Feeling lost and abandoned, Mary Ingalls battles anger and self-pity at a school for the blind, far away from the little house by Plum Creek. But soon, Mary finds a source of hope in her new teacher,...
Charles and his family settle on farmland by Plum Creek just outside the town of Walnut Grove. To support his family until he can bring in a harvest, Charles works several jobs, establishing himself ...
A long-running drama based upon the "Little House" series of books by Laura Ingalls Wilder, "Little House on the Prairie" follows the lives of the simple, farming Ingalls family: Charles, Caroline, Mary, Laura, Carrie and then Grace and the later adopted Albert, James and Cassandra, who settle into a quaint little house on the banks of Plum Creek near the small town of Walnut Grove during the late 1800s. Often narrated by Laura, the series follows her simple farm upbringing from her childhood until her adulthood with Almanzo Wilder with whom she starts a family of her own. While the series is based upon the Little House books (and thus the real life of author Laura Ingalls Wilder), it is a very loose adaptation, with mostly only key events and elements of fact surviving the transition from book to TV series, the most important being Mary's eventual blindness, and Laura's future. Several other fictitious (some factual) characters make up the friendly community of Walnut Grove, ...Written by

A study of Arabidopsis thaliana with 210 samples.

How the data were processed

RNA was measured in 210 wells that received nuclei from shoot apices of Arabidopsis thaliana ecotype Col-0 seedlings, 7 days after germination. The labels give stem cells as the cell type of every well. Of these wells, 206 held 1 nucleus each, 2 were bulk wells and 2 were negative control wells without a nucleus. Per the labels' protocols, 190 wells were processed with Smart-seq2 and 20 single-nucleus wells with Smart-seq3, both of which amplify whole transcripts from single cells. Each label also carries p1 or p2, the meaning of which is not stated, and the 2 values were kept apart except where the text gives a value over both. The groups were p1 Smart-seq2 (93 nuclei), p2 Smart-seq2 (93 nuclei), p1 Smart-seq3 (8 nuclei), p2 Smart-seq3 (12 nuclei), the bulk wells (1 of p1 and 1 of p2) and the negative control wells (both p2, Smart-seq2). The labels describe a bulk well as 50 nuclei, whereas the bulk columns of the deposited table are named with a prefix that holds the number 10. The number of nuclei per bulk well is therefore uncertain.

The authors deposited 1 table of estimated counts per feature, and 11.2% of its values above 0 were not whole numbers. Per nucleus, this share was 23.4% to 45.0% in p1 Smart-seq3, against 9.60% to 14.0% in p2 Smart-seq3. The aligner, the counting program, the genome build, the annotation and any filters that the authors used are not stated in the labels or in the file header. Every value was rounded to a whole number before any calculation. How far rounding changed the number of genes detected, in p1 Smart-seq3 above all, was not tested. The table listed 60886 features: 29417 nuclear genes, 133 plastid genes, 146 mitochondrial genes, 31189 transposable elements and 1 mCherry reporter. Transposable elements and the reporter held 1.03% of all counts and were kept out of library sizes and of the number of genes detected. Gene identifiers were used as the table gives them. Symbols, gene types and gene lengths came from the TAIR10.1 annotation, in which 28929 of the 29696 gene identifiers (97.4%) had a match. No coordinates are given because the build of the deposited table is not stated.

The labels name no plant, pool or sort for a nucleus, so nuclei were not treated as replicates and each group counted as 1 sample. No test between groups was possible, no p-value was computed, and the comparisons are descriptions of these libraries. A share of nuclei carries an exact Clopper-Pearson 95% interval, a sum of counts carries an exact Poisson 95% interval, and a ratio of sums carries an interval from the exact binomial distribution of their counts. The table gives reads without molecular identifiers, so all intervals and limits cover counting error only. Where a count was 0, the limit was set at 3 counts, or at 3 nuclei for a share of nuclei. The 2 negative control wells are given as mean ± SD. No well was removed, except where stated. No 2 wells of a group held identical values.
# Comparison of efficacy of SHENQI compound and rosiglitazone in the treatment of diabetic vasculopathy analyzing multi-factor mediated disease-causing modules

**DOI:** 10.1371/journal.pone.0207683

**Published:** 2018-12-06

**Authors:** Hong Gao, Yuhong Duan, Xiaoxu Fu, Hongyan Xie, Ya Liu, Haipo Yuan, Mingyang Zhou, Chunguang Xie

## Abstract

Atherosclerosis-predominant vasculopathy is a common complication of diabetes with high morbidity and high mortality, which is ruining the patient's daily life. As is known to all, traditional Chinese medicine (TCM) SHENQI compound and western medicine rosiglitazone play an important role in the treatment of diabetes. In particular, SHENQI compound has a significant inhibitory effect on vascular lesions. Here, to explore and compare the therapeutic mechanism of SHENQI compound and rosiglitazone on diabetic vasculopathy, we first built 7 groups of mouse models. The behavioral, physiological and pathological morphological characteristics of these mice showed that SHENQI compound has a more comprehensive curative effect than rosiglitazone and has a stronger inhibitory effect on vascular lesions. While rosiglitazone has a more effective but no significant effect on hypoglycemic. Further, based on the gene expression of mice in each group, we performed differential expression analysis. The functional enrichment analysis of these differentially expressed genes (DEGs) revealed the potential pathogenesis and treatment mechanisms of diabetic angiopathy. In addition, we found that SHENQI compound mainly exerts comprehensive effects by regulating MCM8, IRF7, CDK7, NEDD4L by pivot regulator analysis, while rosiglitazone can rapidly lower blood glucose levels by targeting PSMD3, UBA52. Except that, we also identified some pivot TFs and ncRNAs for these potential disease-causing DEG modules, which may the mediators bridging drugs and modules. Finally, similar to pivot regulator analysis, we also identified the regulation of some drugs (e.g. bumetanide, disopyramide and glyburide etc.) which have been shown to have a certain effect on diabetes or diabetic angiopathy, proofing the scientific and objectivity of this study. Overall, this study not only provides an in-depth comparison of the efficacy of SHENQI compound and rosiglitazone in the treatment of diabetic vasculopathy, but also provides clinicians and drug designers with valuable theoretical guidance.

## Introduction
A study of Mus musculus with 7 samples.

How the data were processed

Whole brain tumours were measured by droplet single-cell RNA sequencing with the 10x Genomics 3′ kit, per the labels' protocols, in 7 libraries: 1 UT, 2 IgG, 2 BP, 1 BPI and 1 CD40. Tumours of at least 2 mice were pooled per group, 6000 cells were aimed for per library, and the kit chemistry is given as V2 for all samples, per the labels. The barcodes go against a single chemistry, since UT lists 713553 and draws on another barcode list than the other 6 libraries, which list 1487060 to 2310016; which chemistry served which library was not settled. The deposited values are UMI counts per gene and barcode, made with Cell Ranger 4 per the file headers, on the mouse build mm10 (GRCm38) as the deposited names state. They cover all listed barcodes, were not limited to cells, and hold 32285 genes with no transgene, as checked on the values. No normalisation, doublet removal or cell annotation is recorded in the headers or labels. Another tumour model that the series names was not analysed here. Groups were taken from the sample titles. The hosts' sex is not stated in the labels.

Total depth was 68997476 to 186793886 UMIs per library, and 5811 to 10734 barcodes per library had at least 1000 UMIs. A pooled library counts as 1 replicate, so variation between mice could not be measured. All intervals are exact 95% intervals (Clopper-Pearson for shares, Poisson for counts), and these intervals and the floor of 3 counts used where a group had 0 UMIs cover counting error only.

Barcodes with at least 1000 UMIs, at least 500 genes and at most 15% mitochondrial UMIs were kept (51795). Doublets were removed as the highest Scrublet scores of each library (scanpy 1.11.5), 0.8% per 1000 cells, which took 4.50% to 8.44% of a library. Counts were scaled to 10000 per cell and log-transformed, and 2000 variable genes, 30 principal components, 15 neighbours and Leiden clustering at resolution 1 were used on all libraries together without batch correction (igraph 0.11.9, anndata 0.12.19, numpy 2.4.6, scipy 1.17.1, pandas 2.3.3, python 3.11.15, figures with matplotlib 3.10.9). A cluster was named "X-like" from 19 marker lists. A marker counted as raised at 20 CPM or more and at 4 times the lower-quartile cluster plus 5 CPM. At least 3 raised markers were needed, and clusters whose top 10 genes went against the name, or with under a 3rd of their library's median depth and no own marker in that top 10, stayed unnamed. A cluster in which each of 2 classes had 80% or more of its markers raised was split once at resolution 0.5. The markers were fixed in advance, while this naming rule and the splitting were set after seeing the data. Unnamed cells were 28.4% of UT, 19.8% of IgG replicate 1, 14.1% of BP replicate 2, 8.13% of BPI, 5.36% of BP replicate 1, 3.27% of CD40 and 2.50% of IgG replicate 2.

Ondre Lombard <firstname.lastname@example.org>
The character Nellie Oleson was ranked number three in TV Guide's list of "TV's 10 Biggest Brats" (March 27, 2005 issue). See more »
One of the inconsistencies of the show was its time-line. In the shows first few seasons it would jump back and forth between the the mid 1870s to the early 1880s with little regard for continuity. See more »
I'll be working for Nellie. It's not the same.
Besides a few pounds, there's no difference.